Martlesham: How the reclusive Doris Shelley was found cowering in corner by her concerned neighbour
14:04 11 February 2013
DORIS Shelley was a reclusive woman and devoted animal lover who cared for cats on her meagre pension.
Her neighbour Harold Scopes broke into the widow’s Martlesham home on February 11, 1993, after becoming concerned for her well-being. Mr Scopes found the pensioner cowering on her haunches leaning against her gas stove.
Blood matted her hair making the old lady barely recognisable. The diminutive vegetarian had been hit with a blunt object, leaving her semi-conscious in a pool of blood.
Mrs Shelley died from her injuries ten days later in Addenbrooke’s Hospital.
In 2002 Mr Scopes who was aged 95 at the time, said: “When I saw her I tried to comfort her. But seeing me, a man, just seemed to make it worse and she started shaking. She was in an absolutely terrible state.”
Simply known as ‘Shelley’, the 82-year-old had seemed to prefer the company of animals to people after being widowed in her 20s.
She had few relatives. Mrs Shelley became a virtual recluse after the death of her husband.
Mr Scopes said: “She wasn’t an easy woman to get to know. In fact she was a most peculiar woman.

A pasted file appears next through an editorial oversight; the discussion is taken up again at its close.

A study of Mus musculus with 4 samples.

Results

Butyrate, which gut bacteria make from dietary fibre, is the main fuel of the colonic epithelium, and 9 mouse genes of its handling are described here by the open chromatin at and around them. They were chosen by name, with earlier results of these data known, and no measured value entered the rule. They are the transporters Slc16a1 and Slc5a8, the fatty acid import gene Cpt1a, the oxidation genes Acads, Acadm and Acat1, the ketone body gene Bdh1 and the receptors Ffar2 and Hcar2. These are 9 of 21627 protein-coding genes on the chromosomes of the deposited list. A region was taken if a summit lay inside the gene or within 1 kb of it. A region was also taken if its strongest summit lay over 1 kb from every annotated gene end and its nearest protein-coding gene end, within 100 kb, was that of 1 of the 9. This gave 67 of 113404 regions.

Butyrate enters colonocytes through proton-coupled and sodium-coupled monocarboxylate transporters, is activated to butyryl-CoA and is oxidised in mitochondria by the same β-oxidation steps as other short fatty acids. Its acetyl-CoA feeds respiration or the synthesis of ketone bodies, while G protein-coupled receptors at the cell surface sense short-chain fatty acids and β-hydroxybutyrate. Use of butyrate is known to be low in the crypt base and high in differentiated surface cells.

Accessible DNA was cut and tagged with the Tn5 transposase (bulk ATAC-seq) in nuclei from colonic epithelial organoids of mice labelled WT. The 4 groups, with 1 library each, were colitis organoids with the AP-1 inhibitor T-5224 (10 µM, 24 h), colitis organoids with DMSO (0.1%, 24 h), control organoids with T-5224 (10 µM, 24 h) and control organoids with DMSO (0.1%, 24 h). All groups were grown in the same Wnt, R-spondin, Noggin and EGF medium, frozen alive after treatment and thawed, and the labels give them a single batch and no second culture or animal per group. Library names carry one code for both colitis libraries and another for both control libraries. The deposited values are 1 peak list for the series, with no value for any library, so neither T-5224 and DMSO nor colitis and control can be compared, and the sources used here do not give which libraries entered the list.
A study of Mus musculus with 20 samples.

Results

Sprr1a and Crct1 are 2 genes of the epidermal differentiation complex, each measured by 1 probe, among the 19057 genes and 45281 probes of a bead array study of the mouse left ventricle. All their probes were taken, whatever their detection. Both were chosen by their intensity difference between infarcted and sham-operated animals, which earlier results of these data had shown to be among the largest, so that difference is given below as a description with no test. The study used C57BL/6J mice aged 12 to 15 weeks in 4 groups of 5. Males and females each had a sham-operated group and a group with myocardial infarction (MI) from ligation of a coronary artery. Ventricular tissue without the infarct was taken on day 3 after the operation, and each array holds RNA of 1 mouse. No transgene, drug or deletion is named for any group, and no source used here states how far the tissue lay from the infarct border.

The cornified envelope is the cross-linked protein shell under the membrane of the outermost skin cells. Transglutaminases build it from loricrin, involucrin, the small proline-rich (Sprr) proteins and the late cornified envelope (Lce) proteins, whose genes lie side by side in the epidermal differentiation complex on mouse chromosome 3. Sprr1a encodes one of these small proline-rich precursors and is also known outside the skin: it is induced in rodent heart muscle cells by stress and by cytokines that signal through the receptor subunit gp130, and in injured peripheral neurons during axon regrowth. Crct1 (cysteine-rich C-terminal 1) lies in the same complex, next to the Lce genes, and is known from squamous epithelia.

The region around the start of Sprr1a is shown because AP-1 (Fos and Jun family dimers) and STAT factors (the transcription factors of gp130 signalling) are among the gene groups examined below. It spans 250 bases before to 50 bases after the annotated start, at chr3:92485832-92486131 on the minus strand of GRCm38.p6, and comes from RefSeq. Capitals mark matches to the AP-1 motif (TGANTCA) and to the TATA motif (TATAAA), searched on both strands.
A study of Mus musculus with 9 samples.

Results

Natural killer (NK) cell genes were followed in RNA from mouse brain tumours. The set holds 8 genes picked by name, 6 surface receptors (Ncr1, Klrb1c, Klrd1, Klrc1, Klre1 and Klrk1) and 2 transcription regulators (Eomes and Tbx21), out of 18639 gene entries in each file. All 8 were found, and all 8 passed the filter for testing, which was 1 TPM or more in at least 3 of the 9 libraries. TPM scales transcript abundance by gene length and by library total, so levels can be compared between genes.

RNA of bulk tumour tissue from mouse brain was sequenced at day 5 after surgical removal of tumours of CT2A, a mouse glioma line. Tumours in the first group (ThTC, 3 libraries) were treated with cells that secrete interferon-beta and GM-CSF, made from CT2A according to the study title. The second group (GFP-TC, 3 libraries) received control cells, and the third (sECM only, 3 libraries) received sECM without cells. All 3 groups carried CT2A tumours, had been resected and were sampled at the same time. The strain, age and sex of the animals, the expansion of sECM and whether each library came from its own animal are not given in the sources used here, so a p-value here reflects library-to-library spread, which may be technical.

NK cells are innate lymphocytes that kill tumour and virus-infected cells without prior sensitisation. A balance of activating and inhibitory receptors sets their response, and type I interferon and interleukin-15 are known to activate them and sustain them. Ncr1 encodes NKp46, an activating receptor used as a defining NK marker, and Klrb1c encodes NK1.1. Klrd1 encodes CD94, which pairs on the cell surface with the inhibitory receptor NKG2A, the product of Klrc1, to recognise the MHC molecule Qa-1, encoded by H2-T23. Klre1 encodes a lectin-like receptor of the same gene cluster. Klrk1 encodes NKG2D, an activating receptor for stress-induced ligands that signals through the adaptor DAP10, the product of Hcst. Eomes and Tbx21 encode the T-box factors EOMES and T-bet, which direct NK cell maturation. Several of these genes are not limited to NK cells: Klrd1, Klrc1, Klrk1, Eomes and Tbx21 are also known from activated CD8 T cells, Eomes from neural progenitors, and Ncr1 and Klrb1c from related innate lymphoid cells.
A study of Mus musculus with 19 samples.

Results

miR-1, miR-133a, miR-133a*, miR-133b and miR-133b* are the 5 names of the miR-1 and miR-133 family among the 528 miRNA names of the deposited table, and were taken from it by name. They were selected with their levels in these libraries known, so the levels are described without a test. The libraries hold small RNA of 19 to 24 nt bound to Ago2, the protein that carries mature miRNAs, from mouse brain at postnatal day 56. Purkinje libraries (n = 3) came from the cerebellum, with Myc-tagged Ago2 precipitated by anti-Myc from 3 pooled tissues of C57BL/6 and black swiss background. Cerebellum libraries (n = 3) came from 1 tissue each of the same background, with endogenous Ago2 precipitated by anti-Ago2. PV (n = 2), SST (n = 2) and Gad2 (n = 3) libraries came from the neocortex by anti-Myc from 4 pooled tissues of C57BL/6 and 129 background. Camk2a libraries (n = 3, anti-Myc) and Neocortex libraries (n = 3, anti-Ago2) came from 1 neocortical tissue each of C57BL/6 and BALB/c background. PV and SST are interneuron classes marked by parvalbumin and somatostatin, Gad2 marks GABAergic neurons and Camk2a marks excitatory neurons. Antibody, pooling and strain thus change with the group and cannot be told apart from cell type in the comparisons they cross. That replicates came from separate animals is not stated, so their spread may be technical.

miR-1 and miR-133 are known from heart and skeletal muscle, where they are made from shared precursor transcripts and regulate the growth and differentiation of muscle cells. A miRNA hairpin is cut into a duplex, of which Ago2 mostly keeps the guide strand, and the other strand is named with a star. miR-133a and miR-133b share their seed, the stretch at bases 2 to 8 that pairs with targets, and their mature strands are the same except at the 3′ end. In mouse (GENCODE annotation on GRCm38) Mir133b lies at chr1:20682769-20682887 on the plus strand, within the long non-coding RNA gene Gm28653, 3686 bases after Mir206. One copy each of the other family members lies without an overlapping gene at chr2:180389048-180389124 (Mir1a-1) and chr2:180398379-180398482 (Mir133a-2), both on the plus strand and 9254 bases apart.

“She was quite suspicious when you spoke to her, and you rarely got a word out of her.
“The inside of her property was quite unkempt and you really wouldn’t have chosen it if you were going to break in.”
Mr Scopes became concerned when a woman who delivered shopping to Mrs Shelley couldn’t get a reply.
“I broke in through the lounge window although I later discovered a side door was unlocked, which I imagine was how her killer got in because there was no sign of a break-in.
“Shelley was on her haunches in the kitchen covered in blood. Her face was black and blue. She was scared stiff when she saw me. I had a job to get near her to do anything.”
In May 1993, the murder featured on BBC’s Crimewatch, prompting 50 calls and the construction of two photofits of men seen loitering around Mrs Shelley’s home in the days leading up to the attack.
One was aged 25-30, stocky, 6ft tall and with collar length wavy brown hair going into dreadlocks. He was seen on February 8, 9 and 10.
A second man aged 40, 5ft 10in tall, slim with dark brown hair and a fair complexion, carrying a Halfords bag, was seen standing by Martlesham underpass near the A1214 roundabout.
Doris Shelley’s bungalow was eventually torn down and the land sold. The money was used to set up an animal sanctuary in Ukraine in her memory.
A plaque was put up there. It read: “In memory of Doris Shelley who devoted her life to the care of animals”.